Grade 3 Exemplar Essay (This is what mastery would look like!) Prompt: You have read two texts about famous people in American history who solved a problem by working to make a change




Prompt: You have read two texts about famous people in American history who solved a problem by working to make a change. Write an article for your school newspaper describing how Eliza and Carver faced challenges to change something in America. In your article, be sure to describe in detail why some solutions they tried worked and others did not work. Tell how the challenges each one faces were the same and how they were different.

News articles often cover problems, but today this article will address problems that were well- solved. The two passages, “Eliza’s Cherry Trees: Japan’s Gift to America” and “The Peanut Man,” feature newsworthy stories of people who faced challenges in changing something for America. Both people featured came up with solutions. Some of these worked, and others did not. But both Eliza and Carver both cared enough about what they did and the people they helped, that they never gave up.

The first story is about Eliza. Eliza wished to bring Japanese cherry trees from Japan to Washington, D.C. Her solution was to ask Washington parks directors to plant them, but they all said ‘No.’ Even though they said no and her solution didn’t work, Eliza kept trying. Eventually, she came up with a new solution. She wrote to the newly elected president, William Taft. “Mrs. Taft loved the idea!” and cherry trees were ordered from Japan. But this solution didn’t work either. The trees got diseases and had “to be burned to ashes.” Eliza worried the mayor of Tokyo would think this was a sign of disrespect, but he understood and sent more cherry trees. Finally, Washington, D.C. now has cherry blossoms every spring.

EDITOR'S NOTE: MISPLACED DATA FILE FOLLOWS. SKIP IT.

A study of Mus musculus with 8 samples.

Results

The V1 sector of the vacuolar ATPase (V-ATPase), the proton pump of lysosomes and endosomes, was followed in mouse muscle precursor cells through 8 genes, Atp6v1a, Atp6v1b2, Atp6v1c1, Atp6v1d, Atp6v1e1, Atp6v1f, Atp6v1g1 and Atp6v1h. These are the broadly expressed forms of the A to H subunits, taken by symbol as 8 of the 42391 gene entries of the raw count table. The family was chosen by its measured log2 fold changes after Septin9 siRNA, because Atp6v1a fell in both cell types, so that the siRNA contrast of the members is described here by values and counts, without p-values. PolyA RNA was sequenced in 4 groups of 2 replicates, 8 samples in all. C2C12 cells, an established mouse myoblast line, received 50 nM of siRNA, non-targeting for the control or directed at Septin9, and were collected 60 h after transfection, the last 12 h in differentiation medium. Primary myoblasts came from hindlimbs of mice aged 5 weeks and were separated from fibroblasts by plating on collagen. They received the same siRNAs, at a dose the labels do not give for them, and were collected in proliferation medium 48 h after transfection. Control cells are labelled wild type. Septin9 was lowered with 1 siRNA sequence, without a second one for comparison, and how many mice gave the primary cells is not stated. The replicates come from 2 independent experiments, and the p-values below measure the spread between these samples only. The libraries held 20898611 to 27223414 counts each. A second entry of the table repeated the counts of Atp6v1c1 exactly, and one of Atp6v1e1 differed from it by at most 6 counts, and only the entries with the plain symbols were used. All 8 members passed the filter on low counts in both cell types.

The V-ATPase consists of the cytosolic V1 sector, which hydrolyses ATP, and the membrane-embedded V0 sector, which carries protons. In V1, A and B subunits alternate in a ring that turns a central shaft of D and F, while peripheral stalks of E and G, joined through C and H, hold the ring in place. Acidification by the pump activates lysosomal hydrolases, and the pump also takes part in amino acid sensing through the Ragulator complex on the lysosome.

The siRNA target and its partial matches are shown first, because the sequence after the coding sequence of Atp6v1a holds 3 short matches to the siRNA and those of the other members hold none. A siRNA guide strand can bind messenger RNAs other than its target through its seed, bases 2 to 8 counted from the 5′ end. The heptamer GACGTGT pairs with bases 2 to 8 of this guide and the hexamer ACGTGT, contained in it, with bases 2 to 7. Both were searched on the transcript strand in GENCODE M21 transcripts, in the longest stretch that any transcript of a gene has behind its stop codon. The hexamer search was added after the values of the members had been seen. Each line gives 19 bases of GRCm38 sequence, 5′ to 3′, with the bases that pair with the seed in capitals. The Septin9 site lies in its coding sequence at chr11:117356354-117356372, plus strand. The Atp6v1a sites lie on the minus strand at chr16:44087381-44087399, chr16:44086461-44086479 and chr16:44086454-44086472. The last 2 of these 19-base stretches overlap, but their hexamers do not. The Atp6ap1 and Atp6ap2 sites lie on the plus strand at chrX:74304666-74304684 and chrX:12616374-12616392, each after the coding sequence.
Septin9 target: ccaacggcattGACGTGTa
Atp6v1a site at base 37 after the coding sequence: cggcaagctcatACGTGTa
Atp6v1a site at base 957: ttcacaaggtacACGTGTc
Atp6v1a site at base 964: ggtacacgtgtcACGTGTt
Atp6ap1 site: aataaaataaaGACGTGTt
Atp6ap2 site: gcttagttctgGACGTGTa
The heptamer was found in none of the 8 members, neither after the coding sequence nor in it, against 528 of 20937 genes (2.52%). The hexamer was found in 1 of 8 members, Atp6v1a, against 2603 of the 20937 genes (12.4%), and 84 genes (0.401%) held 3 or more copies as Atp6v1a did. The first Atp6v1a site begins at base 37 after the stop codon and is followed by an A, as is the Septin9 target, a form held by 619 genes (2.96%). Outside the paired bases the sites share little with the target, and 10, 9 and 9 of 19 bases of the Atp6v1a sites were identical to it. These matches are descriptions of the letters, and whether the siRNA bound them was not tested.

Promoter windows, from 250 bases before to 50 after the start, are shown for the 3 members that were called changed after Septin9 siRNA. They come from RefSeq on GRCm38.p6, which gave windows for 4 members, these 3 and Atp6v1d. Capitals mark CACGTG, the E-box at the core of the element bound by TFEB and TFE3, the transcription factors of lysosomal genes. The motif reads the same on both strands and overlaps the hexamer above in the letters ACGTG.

Like Eliza, George Washington Carver also ran into challenges when he tried to change America for the better. George knew of a problem with the constant planting of cotton. Cotton depleted soil of “most of the nutrients.” These feed the soil so it can be used every year. George wanted to help farmers who “relied on cotton to support themselves.” Planting peanuts was a solution to add rich nutrients back into the soil. By planting cotton one year and then peanuts the next, the farmers could keep their fields’ soil healthier. But this solution had a problem of growing too many peanuts. George then taught the farmers “more than 300 uses for peanuts.” At first, people may have been skeptical. But, George did not give up. He taught them about “peanut milk, peanut paper, and peanut soap.” In the end, farmers were better off. George Washington Carver had accomplished his goal!



In conclusion, although Eliza and George faced challenges in changing something in America, they were smart enough to overcome those challenges. Eliza was not addressing a problem as big as George’s because no one was losing income over her problem. But they both cared about others. Eliza wanted everyone to enjoy the trees and George wanted to help the farmers. But Eliza faced blocks from people who did not want to listen to her. Carver faced problems not from people saying no, but from there being too many peanuts. In the end, they both worked hard, cared about others, and kept trying. Now that’s news worth reporting!